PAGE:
Plain English in ten words


  • May — Avoid redundancy. The parties may, but are not obliged to. “Nothing in the foregoing will prevent parties from —”. Don’t confer entitlements that the parties had in any case. Don’t say a thing more than is necessary. Don’t overcommunicate. Less is more.
  • Bypassive tense. Write in the active, with energy, and in a way that clearly assigns and accepts responsibility
  • Of — nominalisation, adjectivisation
  • Shall — fusty old language. Herewith, hereof,
  • And/or — You are a professional writer: write like one. Be confident. Avoid nervous language in the first place, not doubt later on. Unless otherwise agreed; write to avoid doubt in the first place (though in my cantankerous opinion doubt is in any case underrated).
  • verb — complicated sentence constructions are aided and abetted by boring, colourless verbs: (because such colourless verbs (give, do, be, make, have, and the worst of all, effect) require colouring, usually an accompanying noun that could itself have been a verb, or an adverb, whose definition is “a word you use only where you can’t think of a better verb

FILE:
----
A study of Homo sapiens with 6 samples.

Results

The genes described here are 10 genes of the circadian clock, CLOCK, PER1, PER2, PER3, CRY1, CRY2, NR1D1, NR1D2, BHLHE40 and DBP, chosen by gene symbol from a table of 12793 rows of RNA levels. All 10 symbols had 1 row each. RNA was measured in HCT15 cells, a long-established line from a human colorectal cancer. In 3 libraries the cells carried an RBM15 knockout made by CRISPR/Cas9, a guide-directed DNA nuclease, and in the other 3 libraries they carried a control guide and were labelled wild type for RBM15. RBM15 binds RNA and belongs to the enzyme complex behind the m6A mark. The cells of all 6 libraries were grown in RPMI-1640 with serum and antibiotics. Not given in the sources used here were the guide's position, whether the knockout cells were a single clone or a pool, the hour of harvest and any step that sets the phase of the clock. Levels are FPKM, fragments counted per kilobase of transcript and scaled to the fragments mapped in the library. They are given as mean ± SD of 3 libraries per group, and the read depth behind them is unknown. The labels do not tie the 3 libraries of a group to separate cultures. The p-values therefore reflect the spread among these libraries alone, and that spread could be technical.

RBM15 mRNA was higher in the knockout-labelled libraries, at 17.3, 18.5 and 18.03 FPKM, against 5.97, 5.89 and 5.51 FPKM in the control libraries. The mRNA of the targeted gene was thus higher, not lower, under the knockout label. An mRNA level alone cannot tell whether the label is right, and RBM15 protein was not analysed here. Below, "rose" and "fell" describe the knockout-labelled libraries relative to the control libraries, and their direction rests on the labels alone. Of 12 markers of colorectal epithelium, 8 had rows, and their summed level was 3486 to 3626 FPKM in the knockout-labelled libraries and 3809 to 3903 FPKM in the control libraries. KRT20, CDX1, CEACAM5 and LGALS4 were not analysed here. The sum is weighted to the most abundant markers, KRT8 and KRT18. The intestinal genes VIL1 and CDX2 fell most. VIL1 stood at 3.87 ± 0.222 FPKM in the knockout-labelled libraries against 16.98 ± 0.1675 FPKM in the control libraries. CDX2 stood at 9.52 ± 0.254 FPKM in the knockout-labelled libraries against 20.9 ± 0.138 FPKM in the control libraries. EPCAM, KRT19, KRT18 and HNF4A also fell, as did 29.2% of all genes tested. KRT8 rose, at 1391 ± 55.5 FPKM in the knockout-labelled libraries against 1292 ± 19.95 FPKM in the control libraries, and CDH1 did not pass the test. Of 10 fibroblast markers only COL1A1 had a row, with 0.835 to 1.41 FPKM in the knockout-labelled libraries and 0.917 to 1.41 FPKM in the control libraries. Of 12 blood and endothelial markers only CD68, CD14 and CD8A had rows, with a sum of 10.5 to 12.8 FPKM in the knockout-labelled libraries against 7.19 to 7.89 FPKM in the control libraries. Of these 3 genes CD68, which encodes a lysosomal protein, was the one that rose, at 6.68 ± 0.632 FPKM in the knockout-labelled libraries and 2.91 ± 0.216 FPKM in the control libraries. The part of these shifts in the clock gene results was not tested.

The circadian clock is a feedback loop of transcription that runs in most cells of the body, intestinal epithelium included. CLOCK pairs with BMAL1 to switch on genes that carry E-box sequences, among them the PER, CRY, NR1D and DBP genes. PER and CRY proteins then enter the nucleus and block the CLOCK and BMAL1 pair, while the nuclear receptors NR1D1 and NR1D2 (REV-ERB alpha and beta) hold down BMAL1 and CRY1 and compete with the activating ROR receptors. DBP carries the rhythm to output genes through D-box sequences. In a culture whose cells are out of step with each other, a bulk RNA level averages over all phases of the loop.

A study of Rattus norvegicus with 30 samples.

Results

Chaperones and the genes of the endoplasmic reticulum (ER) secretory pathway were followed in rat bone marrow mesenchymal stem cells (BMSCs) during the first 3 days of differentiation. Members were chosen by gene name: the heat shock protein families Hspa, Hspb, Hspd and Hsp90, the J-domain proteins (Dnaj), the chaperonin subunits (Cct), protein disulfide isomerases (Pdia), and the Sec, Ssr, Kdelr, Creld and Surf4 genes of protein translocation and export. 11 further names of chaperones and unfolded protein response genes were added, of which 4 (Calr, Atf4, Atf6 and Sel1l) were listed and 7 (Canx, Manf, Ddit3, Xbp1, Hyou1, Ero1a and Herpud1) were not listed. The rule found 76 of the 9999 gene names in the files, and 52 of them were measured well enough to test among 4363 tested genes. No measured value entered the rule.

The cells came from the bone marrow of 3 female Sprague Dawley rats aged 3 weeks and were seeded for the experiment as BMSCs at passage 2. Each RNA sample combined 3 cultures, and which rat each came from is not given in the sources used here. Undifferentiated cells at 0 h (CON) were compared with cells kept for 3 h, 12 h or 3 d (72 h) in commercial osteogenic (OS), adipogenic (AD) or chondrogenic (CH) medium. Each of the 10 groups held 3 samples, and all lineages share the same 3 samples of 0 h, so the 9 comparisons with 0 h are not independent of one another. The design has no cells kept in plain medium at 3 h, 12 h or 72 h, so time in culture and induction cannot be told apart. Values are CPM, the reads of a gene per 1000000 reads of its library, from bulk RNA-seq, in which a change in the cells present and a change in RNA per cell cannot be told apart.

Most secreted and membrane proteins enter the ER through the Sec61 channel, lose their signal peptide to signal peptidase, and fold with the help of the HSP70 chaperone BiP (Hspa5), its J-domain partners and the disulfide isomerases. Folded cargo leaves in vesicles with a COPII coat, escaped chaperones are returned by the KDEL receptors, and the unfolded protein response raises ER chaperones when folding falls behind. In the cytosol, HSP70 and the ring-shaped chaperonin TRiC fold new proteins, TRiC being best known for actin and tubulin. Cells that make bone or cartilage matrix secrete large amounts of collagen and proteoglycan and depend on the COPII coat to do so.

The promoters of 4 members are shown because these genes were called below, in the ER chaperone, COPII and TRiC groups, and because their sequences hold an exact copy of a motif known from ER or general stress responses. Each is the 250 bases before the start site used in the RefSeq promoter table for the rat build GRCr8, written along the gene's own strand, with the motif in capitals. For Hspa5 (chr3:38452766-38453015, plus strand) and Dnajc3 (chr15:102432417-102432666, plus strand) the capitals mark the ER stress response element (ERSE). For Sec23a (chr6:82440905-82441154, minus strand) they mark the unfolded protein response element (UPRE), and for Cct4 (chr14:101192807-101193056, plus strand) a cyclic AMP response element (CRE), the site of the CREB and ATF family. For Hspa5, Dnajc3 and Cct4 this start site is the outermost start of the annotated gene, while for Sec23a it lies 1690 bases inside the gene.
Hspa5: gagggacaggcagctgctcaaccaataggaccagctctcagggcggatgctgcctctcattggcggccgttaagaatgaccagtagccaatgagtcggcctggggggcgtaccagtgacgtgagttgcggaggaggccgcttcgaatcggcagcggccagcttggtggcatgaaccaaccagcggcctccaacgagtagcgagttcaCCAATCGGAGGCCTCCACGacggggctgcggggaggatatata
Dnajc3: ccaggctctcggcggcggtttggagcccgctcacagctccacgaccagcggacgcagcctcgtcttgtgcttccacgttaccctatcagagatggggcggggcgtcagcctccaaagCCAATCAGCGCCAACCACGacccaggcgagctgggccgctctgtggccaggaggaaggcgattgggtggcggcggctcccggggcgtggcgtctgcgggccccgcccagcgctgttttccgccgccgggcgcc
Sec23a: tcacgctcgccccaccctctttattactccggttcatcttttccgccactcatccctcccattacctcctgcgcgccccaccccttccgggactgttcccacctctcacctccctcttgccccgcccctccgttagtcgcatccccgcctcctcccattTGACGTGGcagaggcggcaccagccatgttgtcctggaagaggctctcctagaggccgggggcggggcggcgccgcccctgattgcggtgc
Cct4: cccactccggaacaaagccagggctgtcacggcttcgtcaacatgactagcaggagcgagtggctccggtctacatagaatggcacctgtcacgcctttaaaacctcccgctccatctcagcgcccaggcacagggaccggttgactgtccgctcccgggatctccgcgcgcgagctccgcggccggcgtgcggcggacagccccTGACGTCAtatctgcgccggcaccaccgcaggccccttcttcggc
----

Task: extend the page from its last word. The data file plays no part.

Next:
• Including — parentheticals that by definition do not add anything. Without limitation
  • Leverage — jargon that is designed to make the writer look wise, and not the reader enlightened.
  • Judge — For whom are you writing? Not posterity, not a judge, not to cover your backside,
  • Deemed — avoid legal tics. Things that, yes, you might be able to justify on tendentious logical or ontological grounds, but which don’t make a damn of difference in the real world. So it might be true that the redemption amount is “an amount equal to the final price” — yes, it is true the redemption amount isn’t, from a brutalised ontological perspective, the final price; in a conceptual scheme they are different things, but they're identical, and you lose nothing, except a few dead scales of pendatic skin, by saying the “redemption amount is the final price”. Likewise “this shall be deemed to be that” what, practically is the difference between “being deemed to be something”, or (worse) “being deemed to be an amount equal to something” and just “being something”? Exception to the rule: “equivalent”. Here there is a real-world difference — at least in that purblind topsy-turvy world occupied by accountants. It all relates to the difference between a title transfer and a pledge. But the principle remains: unless there is a legal, accounting or tax distinction that one might draw between the tedious and the plain articulations, use the plain one.